The fight for equality between the sexes is at an all-time high. While classical literature had strong, attention-grabbing heroines like Elizabeth Bennet and Jane Eyre to begin the battle against the Patriarchy, modern fiction has brought us plenty of feminist heroes who are certain to inspire us for years to come.
1. Hermione Granger from the Harry Potter series by JK Rowling
Of course, Hermione Granger is at the very top of the list. This witch is the very definition of fierce. Though intentionally off to a rough start with her soon-to-be best friends Ron and Harry (she’s referred to as “bossy” a few times, and Ron even goes so far as to say “Whatever house I’m in, I hope she’s not in it” after their introduction on the train), she quickly shows that her intelligence and decisive attitude make her one of the most valuable friends a person could have. As a matter of fact, she’s often the glue that holds the famous trio together.
Through the series, Hermione develops into one of the most positive icons for feminine strength written in the past several decades… possibly in the entire history of English literature. She is passionate for equality of all sentient creatures, her clever mind and boldness make her one of the most formidable spellcasters in the wizarding world, and she’s loyal to a fault… willing to risk her life (and even breaking the rules) to help her friends. She is strong in every sense of the word and shows that female supporting characters can be so much more than a love interest.
2. Matilda from Matilda by Roald Dahl
A somewhat less magical precursor to Hermione, Matilda is no less of a feminist hero. She makes the best of a horrible home situation by escaping into the world of books, and becomes so insanely intelligent that she gains telekinetic powers when she can find no other outlet. Matilda stands for kindness and equality, and believes that everyone should be treated fairly and with respect… which leads her to take on the horrific Ms. Trunchbull, who is criminally abusive and wrongly withholding her niece’s inheritance to boot. Matilda makes this list because for a very small girl, she taught her readers some very big lessons about how to treat those around you.
3. Lisbeth Salander from The Girl with the Dragon Tattoo by Stieg Larsson
Lisbeth Salander is not a girl you want to mess with. She defies gender stereotypes from the get-go by being a proficient computer hacker (not a quality normally ascribed to female characters). She’s a survivor of an abusive childhood, and while many authors would have written that in to showcase a woman who is broken, Lisbeth channels that tragedy into an often violent rage. She avoids many personality tropes of female characters in that she has no need to be liked or understood by her audience, and she is not some doe-eyed beauty in need of saving. She is gritty, she is controversial, and she is real in ways that many characters- female or not- aren’t. While she’s not necessarily someone to look up to, Lisbeth Salander is still an immensely strong character who has been often described as a “feminist avenging angel.”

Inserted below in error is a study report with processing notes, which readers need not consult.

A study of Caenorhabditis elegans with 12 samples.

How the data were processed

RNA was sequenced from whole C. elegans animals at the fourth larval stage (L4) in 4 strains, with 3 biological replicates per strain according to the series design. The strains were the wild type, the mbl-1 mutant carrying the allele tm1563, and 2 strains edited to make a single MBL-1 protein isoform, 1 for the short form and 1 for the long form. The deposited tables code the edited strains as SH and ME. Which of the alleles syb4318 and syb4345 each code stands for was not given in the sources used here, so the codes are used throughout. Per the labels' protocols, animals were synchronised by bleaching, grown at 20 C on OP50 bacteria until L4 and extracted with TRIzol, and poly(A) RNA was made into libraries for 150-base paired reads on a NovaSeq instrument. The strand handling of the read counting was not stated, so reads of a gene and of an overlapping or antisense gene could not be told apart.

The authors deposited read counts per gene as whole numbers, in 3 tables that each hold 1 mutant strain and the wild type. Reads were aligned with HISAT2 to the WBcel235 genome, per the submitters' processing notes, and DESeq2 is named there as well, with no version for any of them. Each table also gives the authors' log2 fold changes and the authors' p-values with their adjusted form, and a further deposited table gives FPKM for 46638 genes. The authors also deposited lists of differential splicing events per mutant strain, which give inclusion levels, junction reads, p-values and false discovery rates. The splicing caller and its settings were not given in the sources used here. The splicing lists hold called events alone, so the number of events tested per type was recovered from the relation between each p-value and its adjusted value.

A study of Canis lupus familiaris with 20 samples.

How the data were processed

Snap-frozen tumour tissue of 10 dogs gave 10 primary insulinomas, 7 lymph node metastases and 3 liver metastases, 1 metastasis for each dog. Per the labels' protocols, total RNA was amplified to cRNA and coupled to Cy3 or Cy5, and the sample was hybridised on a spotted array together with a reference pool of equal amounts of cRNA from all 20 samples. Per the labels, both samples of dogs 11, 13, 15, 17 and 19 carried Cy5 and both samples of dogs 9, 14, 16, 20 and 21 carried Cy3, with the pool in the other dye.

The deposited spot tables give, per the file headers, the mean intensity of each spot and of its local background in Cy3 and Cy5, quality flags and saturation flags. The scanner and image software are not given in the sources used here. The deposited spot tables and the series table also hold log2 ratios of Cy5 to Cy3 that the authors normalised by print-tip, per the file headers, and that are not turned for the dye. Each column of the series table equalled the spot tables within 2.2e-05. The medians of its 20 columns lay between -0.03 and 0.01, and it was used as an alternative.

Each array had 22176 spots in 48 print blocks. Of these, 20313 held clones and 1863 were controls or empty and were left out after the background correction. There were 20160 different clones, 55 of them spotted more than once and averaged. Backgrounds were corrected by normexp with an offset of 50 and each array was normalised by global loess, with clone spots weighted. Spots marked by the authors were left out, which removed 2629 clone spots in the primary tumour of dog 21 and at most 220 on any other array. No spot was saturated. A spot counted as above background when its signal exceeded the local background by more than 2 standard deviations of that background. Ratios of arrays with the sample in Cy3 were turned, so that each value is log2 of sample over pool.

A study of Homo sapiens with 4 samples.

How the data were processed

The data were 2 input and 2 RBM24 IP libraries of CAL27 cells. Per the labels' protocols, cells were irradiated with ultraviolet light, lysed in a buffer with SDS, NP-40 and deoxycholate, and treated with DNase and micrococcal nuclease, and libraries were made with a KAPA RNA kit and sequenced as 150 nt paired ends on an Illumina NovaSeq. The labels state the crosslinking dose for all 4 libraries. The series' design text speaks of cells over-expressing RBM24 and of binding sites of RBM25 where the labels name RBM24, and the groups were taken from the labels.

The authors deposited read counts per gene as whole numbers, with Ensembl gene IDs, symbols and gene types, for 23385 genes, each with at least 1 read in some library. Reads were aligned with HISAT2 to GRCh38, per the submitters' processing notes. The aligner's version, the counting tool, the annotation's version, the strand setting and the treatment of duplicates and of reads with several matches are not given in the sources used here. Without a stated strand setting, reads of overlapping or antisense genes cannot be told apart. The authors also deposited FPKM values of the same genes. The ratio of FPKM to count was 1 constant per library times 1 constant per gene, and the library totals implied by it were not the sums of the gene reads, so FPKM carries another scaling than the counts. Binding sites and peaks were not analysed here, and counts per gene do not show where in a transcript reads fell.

4. Elphaba from Wicked: The Life and Times of the Wicked Witch of the West by Gregory Maguire
Elphaba is relatable to many women, perhaps most poignantly because she is a strong-minded and opinionated individual who ultimately ends up villainized for trying to do what she believes is right. Elphaba is also unafraid to embrace who she is and thrive in her difference; she does not seek to blend in to achieve success. She is unapologetically ambitious, and a strong icon for those searching for female friendship as well.
5. Daenerys Targaryen from the Song of Ice and Fire (Game of Thrones) series by George R.R. Martin
To be fair, there are a lot of feminist characters in Martin’s massive super-hit of a series, not all of them women. But Daenerys is possibly the most powerful of them all… and certainly one of the more universally liked (sorry, Cersei). Sent away from her kingdom as an infant and raised by her often violent (and incredibly creepy) older brother, Daenerys overcomes everything thrown her way. Sold to be the wife of a savage warlord? Bam, she turns the tables and becomes the first female ruler of the Dothraki. She then proceeds to raise three dragons, shut down an entire slave-based economy, and conquer a powerful empire (Mereen), all before reaching age 21 (note that in the books, she was only 13 when she was first given to Khal Drogo).
Daenerys quickly evolves from a shy, submissive young girl to a strong warlord, a cunning political strategist, and a champion for personal freedom. So far it looks like there’s nothing she can’t accomplish… though we’ll have to wait for The Winds of Winter (or more likely, season 7 of the show) to find out just how her story ends.
While there are many, many more strong characters that exemplify the values of strength, gender equality, and general awesomeness, these are definitely five females worth reading about. Whether you are in need of some motivation to kick butt in your own life, or you’re just inspired by incredible characters, do yourself a favor and snag these books the next time you’re browsing your Kindle library or find yourself at a bookstore.